More details emerge in Jeffrey Toobin Zoom masturbation scandal
Jeffrey Toobin’s firing raises question: What took so long?
Down the Toobin: Writer fired after probe into Zoom masturbation scandal
Yes, Jeffrey Toobin still has supporters, but no real legal grounds
The press can’t handle the truth and other commentary
More details emerged Tuesday in Jeffrey Toobin’s caught-on-Zoom masturbation saga — as Malcolm Gladwell and others rushed to the disgraced journalist’s defense.
New Yorker staff writer Masha Gessen described in a New York Times article the now-infamous Oct. 15 video call that led to Toobin’s fall from grace.
“It wasn’t a full-out sexual act, but it was much more than a second,” Gessen said. “I was really, truly shocked.”
During the virtual gathering — attended by other New Yorker notables and WNYC public radio staffers — Toobin, 60, “was seen lowering and raising his computer camera, exposing and touching his penis, and motioning an air kiss to someone other than his colleagues,” the Times reported.
The incident was “traumatic” at the time, Gessen said — and led to Toobin getting ripped on social media, “The Tonight Show” and even spawned the hashtag #MeToobin after Vice broke the story.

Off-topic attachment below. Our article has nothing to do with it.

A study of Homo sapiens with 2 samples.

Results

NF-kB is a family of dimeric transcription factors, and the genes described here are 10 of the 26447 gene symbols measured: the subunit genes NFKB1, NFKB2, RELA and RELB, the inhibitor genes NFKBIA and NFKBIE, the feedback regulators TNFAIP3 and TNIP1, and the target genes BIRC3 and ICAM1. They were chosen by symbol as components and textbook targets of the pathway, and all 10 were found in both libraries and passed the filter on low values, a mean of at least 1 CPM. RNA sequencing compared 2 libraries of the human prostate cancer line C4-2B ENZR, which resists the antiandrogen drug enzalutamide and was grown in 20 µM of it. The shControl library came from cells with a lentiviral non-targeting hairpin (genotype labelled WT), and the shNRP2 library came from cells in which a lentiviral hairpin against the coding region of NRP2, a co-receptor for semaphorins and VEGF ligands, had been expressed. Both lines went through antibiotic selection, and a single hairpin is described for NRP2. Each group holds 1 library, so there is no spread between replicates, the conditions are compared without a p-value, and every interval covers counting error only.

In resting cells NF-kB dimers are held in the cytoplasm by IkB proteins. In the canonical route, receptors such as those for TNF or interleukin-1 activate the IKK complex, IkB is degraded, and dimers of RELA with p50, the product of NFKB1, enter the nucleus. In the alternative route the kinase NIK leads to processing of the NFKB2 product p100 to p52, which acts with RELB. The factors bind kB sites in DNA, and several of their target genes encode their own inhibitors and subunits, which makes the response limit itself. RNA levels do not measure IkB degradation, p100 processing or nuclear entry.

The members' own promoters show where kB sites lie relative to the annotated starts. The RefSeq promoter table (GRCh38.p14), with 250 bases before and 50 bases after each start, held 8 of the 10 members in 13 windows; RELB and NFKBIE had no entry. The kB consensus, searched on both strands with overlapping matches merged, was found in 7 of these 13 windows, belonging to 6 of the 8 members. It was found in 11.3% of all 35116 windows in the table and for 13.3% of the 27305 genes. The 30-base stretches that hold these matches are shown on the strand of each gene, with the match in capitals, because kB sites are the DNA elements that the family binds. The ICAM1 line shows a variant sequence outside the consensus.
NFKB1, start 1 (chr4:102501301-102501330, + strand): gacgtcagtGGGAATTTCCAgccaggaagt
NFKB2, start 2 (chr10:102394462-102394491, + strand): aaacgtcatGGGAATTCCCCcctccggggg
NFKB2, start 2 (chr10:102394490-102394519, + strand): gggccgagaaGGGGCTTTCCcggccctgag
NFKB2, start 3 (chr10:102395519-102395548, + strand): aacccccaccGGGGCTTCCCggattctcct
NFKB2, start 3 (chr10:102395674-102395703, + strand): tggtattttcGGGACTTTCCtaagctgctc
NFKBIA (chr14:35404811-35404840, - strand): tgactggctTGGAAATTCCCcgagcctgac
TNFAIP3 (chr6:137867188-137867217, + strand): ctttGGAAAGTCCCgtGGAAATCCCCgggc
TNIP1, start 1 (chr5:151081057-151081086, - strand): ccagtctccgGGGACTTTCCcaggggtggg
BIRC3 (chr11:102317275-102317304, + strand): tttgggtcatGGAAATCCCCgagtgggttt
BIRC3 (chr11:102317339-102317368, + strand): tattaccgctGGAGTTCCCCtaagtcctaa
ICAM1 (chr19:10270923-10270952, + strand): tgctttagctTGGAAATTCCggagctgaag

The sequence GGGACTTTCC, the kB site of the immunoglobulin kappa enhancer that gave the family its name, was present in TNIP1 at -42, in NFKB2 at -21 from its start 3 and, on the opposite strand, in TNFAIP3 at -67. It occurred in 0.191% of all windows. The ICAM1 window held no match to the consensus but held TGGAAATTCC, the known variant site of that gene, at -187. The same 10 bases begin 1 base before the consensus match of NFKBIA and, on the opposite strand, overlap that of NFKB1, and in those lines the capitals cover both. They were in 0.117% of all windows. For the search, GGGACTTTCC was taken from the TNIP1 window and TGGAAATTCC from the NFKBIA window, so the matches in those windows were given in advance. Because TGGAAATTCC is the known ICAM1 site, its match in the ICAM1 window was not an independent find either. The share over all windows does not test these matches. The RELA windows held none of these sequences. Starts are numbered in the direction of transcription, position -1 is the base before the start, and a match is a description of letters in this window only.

The star writer was suspended and later fired from The New Yorker, where he’d worked for nearly three decades.
Despite his supposed downfall, Toobin is holding on to his post as senior legal analyst at CNN, where he’s on leave, and has several Hollywood projects in development, the Times reported.
Still, Gessen and other top media figures — including Gladwell — whined that Toobin’s public flogging was unfair.
“They just assumed he had done something terrible, but never told us what the terrible thing was,” Gladwell, a New Yorker writer himself, told the newspaper.
“My only feeling — the only way I could explain it — was that Condé Nast had taken an unexpected turn toward traditional Catholic teaching,” he added, referring to The New Yorker’s parent company.
Former Vanity Fair and New Yorker editor Tina Brown seemed to agree.
“I think 27 years of superb reporting and commitment to The New Yorker should have been weighed against an incident that horribly embarrassed the magazine but mostly embarrassed himself,” she said.
Even Gessen said that: “I think it’s tragic that a guy would get fired for really just doing something really stupid.”
“It is the Zoom equivalent of taking an inappropriately long lunch break, having sex during it and getting stumbled upon.”